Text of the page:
Optic nerve ultrasound for the detection of elevated intracranial pressure in the hypertensive patient

Pedro J Roque, Teresa S Wu, Laura Barth, Dave Drachman, Kai-Ning Khor, Frank Lovecchio, Stephan Stapczynski
American Journal of Emergency Medicine 2012, 30 (8): 1357-63

PURPOSE: We sought to determine whether dilation of the optic nerve sheath diameter (ONSD), as detected at the bedside by emergency ultrasound (US), could reliably correlate with patient blood pressure and whether there was a blood pressure cutoff point where you would start to see abnormal dilation in the ONSD.

METHODS: This was a single-blinded, prospective, observational trial from September 2010 to April 2011. One hundred fifty patients presenting to the emergency department were enrolled. There were 3 arms to the study with 50 patients in each arm: (1) ONSD in normotensive/asymptomatic patients; (2) ONSD in hypertensive/asymptomatic patients; and (3) ONSD in hypertensive/symptomatic patients. Ocular US was conducted on all subjects.

RESULTS: Neither the number of symptoms nor the type of symptom present in the hypertensive/symptomatic group was able to significantly predict the average ONSD before treatment (P = .818 and .288, respectively). There was a significant correlation between both systolic blood pressure (SBP) and diastolic blood pressure (DBP) with the ONSD in all hypertensive patients. The best SBP and DBP cutoff point for abnormal ONSD was 166/82 mm Hg. Decrease in ONSD observed after blood pressure treatment was not statistically significant (P = .073).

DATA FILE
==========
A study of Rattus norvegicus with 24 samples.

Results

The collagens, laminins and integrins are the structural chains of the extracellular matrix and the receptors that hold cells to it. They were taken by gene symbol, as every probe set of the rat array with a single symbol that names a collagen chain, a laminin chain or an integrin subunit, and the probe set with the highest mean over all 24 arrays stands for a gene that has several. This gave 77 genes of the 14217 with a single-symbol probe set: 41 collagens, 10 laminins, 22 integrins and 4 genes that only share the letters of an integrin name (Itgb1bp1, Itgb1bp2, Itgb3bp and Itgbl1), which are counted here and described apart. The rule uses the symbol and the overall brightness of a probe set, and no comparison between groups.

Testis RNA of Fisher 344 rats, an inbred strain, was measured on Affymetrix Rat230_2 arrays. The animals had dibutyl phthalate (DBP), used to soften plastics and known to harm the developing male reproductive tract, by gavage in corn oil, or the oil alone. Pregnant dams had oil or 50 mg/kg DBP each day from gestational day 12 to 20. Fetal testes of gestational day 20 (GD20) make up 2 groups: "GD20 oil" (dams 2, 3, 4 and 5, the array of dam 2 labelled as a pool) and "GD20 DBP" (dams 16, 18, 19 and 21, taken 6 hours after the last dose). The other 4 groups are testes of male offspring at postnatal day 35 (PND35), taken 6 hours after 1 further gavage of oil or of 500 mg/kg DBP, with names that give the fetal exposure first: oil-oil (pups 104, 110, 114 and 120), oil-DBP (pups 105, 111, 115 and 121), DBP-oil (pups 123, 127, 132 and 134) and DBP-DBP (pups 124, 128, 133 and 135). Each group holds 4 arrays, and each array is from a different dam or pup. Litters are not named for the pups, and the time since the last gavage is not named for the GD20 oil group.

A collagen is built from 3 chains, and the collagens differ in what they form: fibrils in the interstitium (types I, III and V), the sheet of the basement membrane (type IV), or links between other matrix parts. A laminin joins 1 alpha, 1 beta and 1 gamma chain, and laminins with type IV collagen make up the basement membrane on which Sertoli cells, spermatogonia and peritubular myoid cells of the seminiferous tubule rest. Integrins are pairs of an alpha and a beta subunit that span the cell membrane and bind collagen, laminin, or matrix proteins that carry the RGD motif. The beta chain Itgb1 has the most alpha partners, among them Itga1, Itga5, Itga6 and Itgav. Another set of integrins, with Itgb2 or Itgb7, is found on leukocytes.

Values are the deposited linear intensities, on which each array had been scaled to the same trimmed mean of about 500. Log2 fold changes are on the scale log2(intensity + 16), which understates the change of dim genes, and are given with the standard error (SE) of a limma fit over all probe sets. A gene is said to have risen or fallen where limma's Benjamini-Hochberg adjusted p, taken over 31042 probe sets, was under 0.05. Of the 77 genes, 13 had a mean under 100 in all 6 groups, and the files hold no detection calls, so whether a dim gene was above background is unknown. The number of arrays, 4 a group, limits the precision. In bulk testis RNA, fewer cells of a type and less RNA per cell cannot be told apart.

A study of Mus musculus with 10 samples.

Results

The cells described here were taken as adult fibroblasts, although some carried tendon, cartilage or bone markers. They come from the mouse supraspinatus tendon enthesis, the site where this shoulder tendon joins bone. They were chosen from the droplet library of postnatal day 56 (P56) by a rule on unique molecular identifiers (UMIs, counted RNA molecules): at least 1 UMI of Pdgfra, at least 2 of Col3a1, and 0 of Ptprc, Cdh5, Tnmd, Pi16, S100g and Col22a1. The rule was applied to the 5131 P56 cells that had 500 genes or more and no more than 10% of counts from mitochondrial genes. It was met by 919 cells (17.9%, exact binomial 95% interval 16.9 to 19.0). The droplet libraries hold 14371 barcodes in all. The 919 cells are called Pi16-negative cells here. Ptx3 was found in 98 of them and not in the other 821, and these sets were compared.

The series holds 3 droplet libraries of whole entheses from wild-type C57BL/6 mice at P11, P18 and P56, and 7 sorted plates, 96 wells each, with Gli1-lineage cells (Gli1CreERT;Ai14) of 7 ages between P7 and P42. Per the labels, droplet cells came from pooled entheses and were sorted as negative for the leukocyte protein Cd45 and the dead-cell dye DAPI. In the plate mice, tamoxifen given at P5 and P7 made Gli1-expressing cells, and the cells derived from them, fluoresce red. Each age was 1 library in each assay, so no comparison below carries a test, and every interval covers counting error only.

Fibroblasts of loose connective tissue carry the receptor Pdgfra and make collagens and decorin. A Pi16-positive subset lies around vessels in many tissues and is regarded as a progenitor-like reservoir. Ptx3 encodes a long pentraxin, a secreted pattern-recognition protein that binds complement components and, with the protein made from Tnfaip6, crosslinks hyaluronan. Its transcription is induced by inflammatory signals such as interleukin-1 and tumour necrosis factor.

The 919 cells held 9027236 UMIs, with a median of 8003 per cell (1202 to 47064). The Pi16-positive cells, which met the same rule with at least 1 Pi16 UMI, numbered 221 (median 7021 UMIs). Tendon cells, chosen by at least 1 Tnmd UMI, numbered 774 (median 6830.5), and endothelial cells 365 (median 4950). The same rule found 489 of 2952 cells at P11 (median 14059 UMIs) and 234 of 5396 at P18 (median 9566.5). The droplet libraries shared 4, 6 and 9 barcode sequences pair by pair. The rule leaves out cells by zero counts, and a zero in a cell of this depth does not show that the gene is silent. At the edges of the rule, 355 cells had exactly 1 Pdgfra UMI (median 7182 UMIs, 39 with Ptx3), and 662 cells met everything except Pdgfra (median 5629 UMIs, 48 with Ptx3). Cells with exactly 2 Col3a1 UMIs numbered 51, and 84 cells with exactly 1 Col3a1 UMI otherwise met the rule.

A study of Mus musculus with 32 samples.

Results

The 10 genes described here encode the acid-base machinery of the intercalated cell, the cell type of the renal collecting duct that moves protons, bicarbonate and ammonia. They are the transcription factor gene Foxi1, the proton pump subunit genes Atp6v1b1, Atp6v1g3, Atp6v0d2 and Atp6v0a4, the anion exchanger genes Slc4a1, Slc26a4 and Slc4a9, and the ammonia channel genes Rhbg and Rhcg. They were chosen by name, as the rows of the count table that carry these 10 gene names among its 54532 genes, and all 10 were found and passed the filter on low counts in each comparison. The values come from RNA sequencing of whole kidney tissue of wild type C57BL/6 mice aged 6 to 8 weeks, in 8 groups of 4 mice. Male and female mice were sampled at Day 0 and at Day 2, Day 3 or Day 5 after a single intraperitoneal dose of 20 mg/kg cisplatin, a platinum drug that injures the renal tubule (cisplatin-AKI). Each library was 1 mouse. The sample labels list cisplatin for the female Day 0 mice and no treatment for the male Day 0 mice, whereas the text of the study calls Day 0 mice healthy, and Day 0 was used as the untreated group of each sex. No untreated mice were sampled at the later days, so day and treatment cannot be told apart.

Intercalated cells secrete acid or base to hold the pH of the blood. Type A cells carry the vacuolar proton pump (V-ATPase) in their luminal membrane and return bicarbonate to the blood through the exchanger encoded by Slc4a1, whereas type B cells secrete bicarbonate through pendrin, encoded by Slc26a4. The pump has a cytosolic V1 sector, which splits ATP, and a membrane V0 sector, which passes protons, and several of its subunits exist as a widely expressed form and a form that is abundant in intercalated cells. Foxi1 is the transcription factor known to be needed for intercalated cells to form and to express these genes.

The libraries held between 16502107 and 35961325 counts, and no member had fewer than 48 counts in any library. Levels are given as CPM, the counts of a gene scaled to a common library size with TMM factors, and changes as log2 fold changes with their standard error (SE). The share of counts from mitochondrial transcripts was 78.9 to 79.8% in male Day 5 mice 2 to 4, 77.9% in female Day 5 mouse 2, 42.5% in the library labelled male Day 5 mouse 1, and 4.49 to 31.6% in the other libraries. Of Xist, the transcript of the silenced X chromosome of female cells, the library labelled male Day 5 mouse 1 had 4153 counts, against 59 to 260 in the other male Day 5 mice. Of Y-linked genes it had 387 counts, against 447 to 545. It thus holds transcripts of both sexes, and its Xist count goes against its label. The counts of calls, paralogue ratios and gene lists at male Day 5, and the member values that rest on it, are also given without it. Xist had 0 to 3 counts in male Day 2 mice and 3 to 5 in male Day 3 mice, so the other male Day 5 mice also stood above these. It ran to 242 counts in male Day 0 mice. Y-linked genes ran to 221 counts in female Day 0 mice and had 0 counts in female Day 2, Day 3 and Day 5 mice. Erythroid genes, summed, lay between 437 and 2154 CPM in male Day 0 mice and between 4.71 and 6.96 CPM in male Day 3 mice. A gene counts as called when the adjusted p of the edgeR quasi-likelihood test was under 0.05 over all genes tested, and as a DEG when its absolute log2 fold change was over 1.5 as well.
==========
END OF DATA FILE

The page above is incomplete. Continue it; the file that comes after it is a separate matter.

CONCLUSIONS: In conclusion, our study shows that practitioners can use bedside ocular US and a blood pressure cutoff point to help predict whether patients require more aggressive management of their symptomatic hypertension. Knowing the SBP and DBP readings that lead to increased ONSD and increased intracranial pressure can help guide management and treatment decisions at the bedside.